Feldstein heads key forecasting group Slump may be worst since World War II

Email|Print|Single Page| Text size + By Todd Wallack
Globe Staff / March 15, 2008

The United States has already slipped into a deep recession that could be the most serious since World War II, said Martin Feldstein, president of the Cambridge group that is considered the official word on economic cycles.

"The situation is bad, it's getting worse, and the risks are that the situation could be very bad," Feldstein said in a speech yesterday at a financial industry conference in Boca Raton, Fla.

JPMorgan and the Federal Reserve rescue Bear Stearns. B5.

Feldstein, president of the National Bureau of Economic Research and a professor of economics at Harvard University, said the chief causes of the shrinking economy are sinking housing prices, months of job losses, and turmoil in the financial markets.

The National Bureau of Economic Research is the official arbiter of when recessions begin, and it could still be months before the organization makes that determination. If it does, that would mark a formal end of six years of economic expansion.

Economists generally define a recession as two consecutive quarters of economic contraction, something that can only be measured after the fact. The US economy grew at a scant 0.6 percent rate in the 2007 fourth quarter.

Also yesterday, Macroeconomic Advisers, a St. Louis consulting firm run by several former Federal Reserve officials, said the US economy barely grew in January and predicted it declined by 0.7 percent in February.

Feldstein's remarks were punctuated by an extraordinary run of alarming developments yesterday, including surging oil prices, new worries about home foreclosures, and the near collapse of a venerable investment bank that sparked another rout in stock prices on Wall Street.

US investment giant Bear Stearns Cos. yesterday morning received an emergency bailout loan for an undisclosed amount that was facilitated by the Federal Reserve Bank, which invoked a little used Depression-era measure to unleash the funds. Bear Stearns is in dire need of cash after it was forced to write off billions of dollars of losses in mortgage-related investments, and worried investors withdrew their funds.

Bear Stearns's stock lost $3.2 billion of value yesterday, almost half its market capitalization. The major stock indexes all posted steep declines, with the Dow Jones industrial average down 195 points to close below 12,000.

US oil prices, meanwhile, remained above $110 a barrel, after hitting a record $111 on Thursday, putting increasing strain on consumers and businesses alike. United Airlines and Continental Airlines raised round-trip fares by as much as $50 a ticket to help recoup the cost of rising jet fuel prices, the latest in a wave of ticket increases throughout the industry. Heating oil and gasoline prices also surged.

Rising oil prices, in turn, are driving up prices for everything from food to electricity, threatening to end years of modest inflation. Gold prices hit a fresh record yesterday, as investors embrace it as a hedge against inflation and a weakening US dollar, which remained at lows against the euro.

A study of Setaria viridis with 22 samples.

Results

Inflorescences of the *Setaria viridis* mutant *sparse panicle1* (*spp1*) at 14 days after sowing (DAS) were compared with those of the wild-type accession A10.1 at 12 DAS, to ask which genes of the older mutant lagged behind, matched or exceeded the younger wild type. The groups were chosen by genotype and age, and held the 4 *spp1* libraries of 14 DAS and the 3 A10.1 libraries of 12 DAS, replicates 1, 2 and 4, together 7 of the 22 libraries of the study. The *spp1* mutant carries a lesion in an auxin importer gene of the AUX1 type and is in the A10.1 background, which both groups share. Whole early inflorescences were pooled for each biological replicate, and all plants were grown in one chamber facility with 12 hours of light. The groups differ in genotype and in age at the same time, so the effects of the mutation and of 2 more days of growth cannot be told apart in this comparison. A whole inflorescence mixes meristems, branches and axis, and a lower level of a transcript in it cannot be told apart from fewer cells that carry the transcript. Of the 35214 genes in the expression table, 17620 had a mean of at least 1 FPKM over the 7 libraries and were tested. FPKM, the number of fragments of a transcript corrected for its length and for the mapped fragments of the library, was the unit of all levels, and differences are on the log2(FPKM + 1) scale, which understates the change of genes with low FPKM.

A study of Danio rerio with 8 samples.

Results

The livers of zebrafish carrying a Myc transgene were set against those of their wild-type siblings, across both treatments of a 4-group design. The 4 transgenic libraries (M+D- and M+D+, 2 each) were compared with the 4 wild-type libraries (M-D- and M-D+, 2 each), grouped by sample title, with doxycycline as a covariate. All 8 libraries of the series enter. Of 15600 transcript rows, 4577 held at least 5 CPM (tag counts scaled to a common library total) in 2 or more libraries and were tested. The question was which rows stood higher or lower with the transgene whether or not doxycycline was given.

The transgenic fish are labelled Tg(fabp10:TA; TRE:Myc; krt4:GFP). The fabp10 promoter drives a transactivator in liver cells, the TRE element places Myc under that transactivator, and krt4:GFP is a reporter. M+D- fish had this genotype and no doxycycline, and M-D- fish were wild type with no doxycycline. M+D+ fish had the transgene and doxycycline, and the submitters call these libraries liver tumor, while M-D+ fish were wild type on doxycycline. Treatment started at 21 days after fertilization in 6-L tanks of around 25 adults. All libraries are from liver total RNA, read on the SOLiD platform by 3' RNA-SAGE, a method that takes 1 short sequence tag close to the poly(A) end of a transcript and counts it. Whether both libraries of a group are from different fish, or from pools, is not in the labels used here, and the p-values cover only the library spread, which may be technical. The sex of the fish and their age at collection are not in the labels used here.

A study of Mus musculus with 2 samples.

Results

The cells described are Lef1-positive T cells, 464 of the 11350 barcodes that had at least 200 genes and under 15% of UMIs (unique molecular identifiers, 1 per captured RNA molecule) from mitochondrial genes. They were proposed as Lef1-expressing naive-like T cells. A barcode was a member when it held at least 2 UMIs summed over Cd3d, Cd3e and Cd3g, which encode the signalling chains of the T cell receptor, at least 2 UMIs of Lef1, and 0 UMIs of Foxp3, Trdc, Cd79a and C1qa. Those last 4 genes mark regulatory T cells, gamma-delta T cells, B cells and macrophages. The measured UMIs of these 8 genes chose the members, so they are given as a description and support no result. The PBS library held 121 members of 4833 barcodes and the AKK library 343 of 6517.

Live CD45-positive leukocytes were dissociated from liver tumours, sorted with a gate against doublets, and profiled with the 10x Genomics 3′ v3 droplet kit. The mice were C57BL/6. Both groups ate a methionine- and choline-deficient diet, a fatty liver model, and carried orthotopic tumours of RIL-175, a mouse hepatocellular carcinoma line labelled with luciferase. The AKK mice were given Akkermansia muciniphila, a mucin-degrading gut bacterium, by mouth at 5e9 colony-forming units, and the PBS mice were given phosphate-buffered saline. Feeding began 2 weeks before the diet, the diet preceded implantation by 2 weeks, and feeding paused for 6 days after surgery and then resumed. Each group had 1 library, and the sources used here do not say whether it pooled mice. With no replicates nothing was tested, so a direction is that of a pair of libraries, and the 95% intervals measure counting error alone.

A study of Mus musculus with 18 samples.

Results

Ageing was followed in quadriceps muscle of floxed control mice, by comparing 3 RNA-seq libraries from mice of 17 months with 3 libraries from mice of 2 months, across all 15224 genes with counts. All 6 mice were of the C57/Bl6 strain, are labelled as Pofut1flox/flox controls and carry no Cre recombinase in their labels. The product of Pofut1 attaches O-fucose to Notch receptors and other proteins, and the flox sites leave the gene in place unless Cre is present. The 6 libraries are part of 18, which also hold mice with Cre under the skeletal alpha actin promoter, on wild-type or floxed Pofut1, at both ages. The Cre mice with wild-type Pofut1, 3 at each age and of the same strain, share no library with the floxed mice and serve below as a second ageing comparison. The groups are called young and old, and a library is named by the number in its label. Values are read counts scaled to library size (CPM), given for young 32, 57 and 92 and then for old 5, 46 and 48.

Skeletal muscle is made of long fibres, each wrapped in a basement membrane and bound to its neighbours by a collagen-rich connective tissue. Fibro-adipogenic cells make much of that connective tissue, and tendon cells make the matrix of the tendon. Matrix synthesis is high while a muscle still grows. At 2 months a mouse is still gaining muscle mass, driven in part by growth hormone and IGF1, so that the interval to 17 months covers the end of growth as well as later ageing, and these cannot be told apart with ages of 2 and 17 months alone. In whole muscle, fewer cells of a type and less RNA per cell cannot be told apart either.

Earlier this month the US Labor Department reported that private employers slashed their payrolls by 101,000 jobs in February, the third straight month of job reductions. Also yesterday a widely followed monthly index of consumer sentiment posted a 16-year low.

In Massachusetts, economists said there are signs the local economy is weakening, but the state still reported a modest increase in jobs in January, better than the nation as a whole. The February unemployment numbers are slated to be released next week.

"We know the national economy is slowing, but the state's economy seems to be stronger because of our tech sector," said economist Alan Clayton-Matthews, a professor at the University of Massachusetts at Boston.

But like much of the rest of the country, Massachusetts has been hurt by falling home prices and rising foreclosures, triggered by risky loans to buyers who bought homes they ultimately could not afford.

Feldstein followed his remarks in Florida with an emphatic statement later in the day.

"The economy is now in a recession," he said. "It will last longer and be deeper than the last two recessions, which lasted only 8 months from peak to trough. It could well be longer and deeper than the recession in the early 1980s that lasted 16 months."

Feldstein's view is increasingly the common one among economists. A Wall Street Journal survey of economists published yesterday found more than 70 percent agreed that the US economy is now in recession.

Mark Zandi, chief economist for Moodys.com, said current economic and sales data overwhelmingly bolster the argument for recession. He further noted that Feldstein was prescient in predicting last year the US economy was due for a rough patch.

"Dr. Feldstein was well ahead of most economists in diagnosing the current problems and suggesting it would result in recession," Zandi said.

Todd Wallack can be reached at twallack@globe.com. Material from Globe wire services was used in this report.